A hero can be described as someone who is strong, generous, unselfish, and determined. Steinbeck does an excellent job of defining a hero in the novel through the character, Ma Joad. Even if she is not a part of the circle, her opinion is always relevant when it comes to making big decisions involving the family. Throughout the journey to California, Ma is what keeps the family in check.
Starting from the beginning, Ma is seen as a strong woman, “Her hazel eyes seemed to have experienced all possible tragedy and to have mounted pain and suffering like steps into a high calm and a superhuman understanding” (74). Previous tragedies that occurred in her life developed her and made her resilient. Her intuition is seen when she starts to doubt all the wonderful things said about living in the west. ‘“I’m scared of stuff so nice. I ain’t got faith. I’m scared somepin ain’t so nice about it”’ (91). Before the trip has even begun, she is well aware that something is not right.
She is generous in how she let Jim Casy join them on their journey to California. Although Pa is worried about an extra mouth to feed, Ma is certain of her decision ‘“It ain’t kin we? It’s will we?” … as far as ‘will,’ why, we’ll do what we will. An’ as far as ‘will’ its’s a long time our folks been here and east before, an’ I never heerd tell of no Joads or no Hazletts, neither, never refusin’ food an’ shelter or a lift on the road to anybody that asked”’ (102). When Ivy and Sairy Wilson could no longer continue with the Joad family, Ma left money and food for them. Ma is aware that the Wilsons do not have much and will need every little bit of help they can get in order to survive. Another act of unselfishness, is when she displays a sense of concern for the starving children in Hooverville. Despite having just enough to feed her own family, she gives what little is left of the stew to the children. ‘“you little fellas go an’ get you each a flat stick an’ I’ll put what’s lef for you”’ (257). Knowing that she has food and is capable of feeding the children, she gives in and does what must be done.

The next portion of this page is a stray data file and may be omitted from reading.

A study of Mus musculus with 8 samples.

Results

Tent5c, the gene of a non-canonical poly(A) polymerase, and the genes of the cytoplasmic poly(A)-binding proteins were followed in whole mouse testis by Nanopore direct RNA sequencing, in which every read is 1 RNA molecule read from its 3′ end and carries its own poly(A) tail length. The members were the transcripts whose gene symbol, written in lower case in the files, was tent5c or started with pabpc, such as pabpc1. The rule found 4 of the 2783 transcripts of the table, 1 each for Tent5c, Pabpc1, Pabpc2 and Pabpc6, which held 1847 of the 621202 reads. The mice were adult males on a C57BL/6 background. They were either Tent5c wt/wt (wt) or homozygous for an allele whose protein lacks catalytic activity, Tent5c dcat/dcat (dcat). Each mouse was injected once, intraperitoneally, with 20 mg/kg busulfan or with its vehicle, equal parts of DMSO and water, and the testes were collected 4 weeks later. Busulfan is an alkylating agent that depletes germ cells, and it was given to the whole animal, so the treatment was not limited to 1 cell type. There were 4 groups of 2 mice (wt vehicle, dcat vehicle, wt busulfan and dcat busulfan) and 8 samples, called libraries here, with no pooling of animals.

Ma is determined to get to California as soon as possible. “She seemed to know that if she swayed the family shook, and if she ever really deeply wavered or despaired the family would fall, the family will to function would be gone” (74). She is able to keep her composure on the trip knowing that Granma is dead, fully understanding that making a scene would not help in any way and would only further delay their arrival.
Ma is also very protective of Rose of Sharon throughout the novel. When Connie leaves, the family insults him, and Ma tells everyone to stop seeing how torn apart her daughter is. ‘“Ma look into the tent, where Rose of Sharon lay on her mattress. Ma said, “Sh. Don’t say that”’ (272). Again, when a crazy lady in the camp frightened Rose of Sharon, saying how dancing will cause her baby to be stillborn. Ma takes Rosasharn to the dance and makes sure she does not dance and that no one touches her. ‘“Ma and Rose of Sharon sat on a bench and watched. And as each boy asked Rose of Sharon as partner, Ma said, “No, she ain’t well”’ (341).